Filmmakers Jennifer and Sylvia Soska make a cameo in "American Mary".
Shiverfest: Late Night Movie Horrors is a creeped-out celebration of Canadian indie horror. This three-feature sampler will be screened at Cinematheque over the next three weekends. Each one of these films is unique, and uniquely scary.
American Mary (August 1-3):
In this gloriously sick shock flick, Katherine Isabelle plays young medical student Mary Mason. After a traumatic experience involving a publicly eminent but secretly sadistic surgeon, Mary drops out of med school.
Needing to pay her bills, she finds herself drawn into the underground world of "body modification," where participants search out taboo surgical procedures that will help their "outsides match their insides."
Filmmakers Jennifer Soska and Sylvia Soska, identical twins from Vancouver, are two very twisted sisters. (The duo also drops in for a double cameo as black-leathered siblings who take bonding to unsettling extremes.) Crossing a potent female revenge fantasy (with echoes of Audition and Hard Candy) with the kind of body horror pioneered by Canadian master David Cronenberg, the Soskas pull off some very nasty stuff.
The horror is offset by a sharp line of comic satire, mostly involving female sexuality and the female body. (Is a bod-mod addict who looks like Betty Boop expressing herself or just molding her face and figure into a male fantasy?) Some of these provocative themes could use a little more follow-through. Still, Isabelle (best known for the awesome feminist werewolf picture Ginger Snaps) is an unforgettable anti-heroine, and she takes hold of this movie with subversive, sardonic Bette Davis-style sexiness.
(After the 9:00 pm Friday screening, filmmakers Jennifer Soska and Sylvia Soska will take part in a double-trouble Skype interview with Winnipeg's Caelum Vatnsdal, author of They Came From Within: A History of Canadian Horror.)
John Dies at the End (August 8-10):
From Don Coscarelli, the guy behind crazed Elvis-meets-The-Mummy flick Bubba Ho-Tep, comes an equally crazed adaptation of the cultie comic horror novel by David Wong (real name Jason Pargin).
Chase Williamson and Rob Mayes play Dave and John, young slackers who seem to have some kind of sideline in gonzo ghost-busting. Dave is relating some particularly surreal paranormal shenanigans during an interview with journalist Arnie Blondestone (Paul Giamatti, doing a very classy drop-by), while John is mysteriously missing.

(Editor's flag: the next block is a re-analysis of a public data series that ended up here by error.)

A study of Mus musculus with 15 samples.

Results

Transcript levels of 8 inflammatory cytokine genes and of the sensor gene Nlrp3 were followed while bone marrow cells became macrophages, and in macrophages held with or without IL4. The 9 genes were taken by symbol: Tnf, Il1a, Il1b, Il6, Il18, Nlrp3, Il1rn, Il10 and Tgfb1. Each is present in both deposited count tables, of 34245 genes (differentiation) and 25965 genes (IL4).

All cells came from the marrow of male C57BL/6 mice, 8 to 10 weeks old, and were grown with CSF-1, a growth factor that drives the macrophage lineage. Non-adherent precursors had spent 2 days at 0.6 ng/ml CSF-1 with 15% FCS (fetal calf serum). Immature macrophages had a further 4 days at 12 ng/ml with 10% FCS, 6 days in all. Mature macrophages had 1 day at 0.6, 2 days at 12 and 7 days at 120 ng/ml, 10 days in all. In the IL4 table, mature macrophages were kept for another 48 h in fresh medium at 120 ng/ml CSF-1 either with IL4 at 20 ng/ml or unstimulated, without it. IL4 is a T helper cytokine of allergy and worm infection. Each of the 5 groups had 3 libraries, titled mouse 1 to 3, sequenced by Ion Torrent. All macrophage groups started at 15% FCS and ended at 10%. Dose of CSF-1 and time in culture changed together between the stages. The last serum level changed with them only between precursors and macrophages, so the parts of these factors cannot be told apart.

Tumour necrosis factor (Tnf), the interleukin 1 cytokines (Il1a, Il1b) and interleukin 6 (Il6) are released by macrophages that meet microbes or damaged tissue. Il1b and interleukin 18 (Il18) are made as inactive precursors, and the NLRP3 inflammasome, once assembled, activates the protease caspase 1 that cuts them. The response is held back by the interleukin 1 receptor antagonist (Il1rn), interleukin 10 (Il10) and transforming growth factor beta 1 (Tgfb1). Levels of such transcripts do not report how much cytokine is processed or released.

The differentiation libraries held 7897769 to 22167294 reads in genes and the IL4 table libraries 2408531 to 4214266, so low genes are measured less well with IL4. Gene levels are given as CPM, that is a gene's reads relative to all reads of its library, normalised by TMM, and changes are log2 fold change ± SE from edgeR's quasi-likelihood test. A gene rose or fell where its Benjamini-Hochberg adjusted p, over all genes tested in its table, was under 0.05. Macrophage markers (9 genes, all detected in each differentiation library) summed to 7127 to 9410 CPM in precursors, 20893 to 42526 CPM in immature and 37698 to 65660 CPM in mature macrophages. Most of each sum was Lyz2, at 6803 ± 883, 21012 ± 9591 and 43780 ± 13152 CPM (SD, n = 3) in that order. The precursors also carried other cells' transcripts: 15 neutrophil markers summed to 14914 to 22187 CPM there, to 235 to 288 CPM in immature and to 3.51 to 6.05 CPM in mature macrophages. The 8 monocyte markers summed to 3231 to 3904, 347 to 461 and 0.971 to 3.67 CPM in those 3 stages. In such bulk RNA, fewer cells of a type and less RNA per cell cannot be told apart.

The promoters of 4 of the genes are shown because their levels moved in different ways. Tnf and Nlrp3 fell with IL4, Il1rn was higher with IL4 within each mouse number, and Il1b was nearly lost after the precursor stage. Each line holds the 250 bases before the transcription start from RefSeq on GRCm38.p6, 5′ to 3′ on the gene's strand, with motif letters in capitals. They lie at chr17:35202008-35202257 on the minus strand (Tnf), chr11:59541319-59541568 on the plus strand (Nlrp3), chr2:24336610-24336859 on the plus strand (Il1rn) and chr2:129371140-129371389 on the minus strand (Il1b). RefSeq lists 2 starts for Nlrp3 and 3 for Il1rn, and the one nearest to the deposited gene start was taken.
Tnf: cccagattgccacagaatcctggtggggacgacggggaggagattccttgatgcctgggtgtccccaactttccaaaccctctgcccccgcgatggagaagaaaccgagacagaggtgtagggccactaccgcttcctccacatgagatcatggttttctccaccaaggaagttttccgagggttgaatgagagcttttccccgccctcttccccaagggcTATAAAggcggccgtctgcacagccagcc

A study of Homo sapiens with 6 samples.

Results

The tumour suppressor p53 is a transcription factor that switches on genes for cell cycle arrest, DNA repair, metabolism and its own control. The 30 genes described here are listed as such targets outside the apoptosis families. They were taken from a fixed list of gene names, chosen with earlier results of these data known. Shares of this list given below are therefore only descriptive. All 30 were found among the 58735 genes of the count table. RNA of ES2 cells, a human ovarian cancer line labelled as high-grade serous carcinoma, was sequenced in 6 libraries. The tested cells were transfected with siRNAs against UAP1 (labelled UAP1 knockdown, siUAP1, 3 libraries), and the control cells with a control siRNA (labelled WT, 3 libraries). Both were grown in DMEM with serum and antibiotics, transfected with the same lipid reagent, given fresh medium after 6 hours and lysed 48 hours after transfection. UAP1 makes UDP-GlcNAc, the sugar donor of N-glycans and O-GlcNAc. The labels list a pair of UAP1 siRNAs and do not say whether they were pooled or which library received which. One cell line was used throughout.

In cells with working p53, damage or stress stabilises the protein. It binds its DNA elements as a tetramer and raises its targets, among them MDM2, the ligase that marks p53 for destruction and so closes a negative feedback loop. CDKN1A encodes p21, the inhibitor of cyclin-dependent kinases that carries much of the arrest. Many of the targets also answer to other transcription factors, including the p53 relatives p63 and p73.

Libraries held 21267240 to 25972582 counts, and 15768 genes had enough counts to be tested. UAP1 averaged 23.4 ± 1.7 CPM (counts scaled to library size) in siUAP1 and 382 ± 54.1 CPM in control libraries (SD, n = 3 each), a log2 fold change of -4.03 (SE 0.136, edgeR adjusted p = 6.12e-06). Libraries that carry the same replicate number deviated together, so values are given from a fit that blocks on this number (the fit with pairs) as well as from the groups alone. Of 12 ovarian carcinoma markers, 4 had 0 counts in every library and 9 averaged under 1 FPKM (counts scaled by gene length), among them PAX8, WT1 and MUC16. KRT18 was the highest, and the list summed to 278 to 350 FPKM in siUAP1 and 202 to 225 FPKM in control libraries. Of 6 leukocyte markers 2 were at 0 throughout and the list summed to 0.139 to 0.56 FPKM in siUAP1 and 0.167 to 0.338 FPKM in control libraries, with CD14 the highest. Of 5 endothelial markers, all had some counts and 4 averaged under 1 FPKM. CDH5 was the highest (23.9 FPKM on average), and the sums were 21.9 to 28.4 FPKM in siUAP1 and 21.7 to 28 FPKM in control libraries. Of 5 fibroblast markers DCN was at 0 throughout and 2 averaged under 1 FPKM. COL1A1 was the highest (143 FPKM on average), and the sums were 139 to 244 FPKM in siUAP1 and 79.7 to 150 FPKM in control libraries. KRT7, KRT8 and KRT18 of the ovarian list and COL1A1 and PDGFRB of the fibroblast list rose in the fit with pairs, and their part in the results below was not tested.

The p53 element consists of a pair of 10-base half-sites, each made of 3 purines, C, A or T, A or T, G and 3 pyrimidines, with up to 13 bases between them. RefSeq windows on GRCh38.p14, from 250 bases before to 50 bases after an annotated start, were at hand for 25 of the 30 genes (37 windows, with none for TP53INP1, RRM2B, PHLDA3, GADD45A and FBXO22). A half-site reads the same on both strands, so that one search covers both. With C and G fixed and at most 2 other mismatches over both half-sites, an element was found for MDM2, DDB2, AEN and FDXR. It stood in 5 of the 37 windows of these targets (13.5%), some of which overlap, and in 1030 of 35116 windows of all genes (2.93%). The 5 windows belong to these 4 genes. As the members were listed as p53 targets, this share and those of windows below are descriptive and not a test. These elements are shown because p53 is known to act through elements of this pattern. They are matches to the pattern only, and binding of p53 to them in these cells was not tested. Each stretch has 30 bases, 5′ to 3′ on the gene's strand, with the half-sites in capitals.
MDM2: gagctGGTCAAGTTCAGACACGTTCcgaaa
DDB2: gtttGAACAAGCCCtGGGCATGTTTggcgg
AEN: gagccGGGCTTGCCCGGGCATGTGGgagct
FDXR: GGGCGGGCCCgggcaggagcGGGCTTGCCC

There are blobs of hilariously yucky horror in JDATE, but the prevailing tone is comic. The blow-your-mind story, which combines drugs, demonology and great gaping holes in the space-time continuum, could be described as a romp, possibly even a caper.
The overlapping, intertwining characters, plots and themes seem to be driven by the Heisenberg Uncertainty Principle or some kind of quantum brain-melt, and they eventually fall apart, at least in this universe. Even then, though, it's all pretty fun.
The Last Will and Testament of Rosalind Leigh (August 16, 17 and 22):
There is a literary, Edgar Allan Poe-ish quality to the title, and this assured feature directing debut from Rodrigo Gudiño, founder of Rue Morgue magazine, definitely eschews gore for old-school, slow-build suspense.
Leon (Aaron Poole) is trying to settle his estranged mother's estate, but instead finds himself becoming unsettled by her shrine-like house and haunted memories of a long-dead father and a rigid religious cult.
Leon seems to have some outside interactions--a phone call to a very creepy security company, a visit from two unseen neighbours. And there seem to be messages from his dead mother (Oscar-winning English thesp Vanessa Redgrave in a standout vocal performance). But there is no one else in the house, and as Leon becomes increasingly unhinged, it's not quite clear what is real and what is not.
Playing with this Polanksi-influenced psychological dissolution, Gudiño also explores haunted house motifs with a prowling camera and some spooky sound design. There is also a creature--barely glimpsed but horrifying in its slinky, dark implications. It all adds up to an unsettling creep that lasts long after the film's ambiguous ending.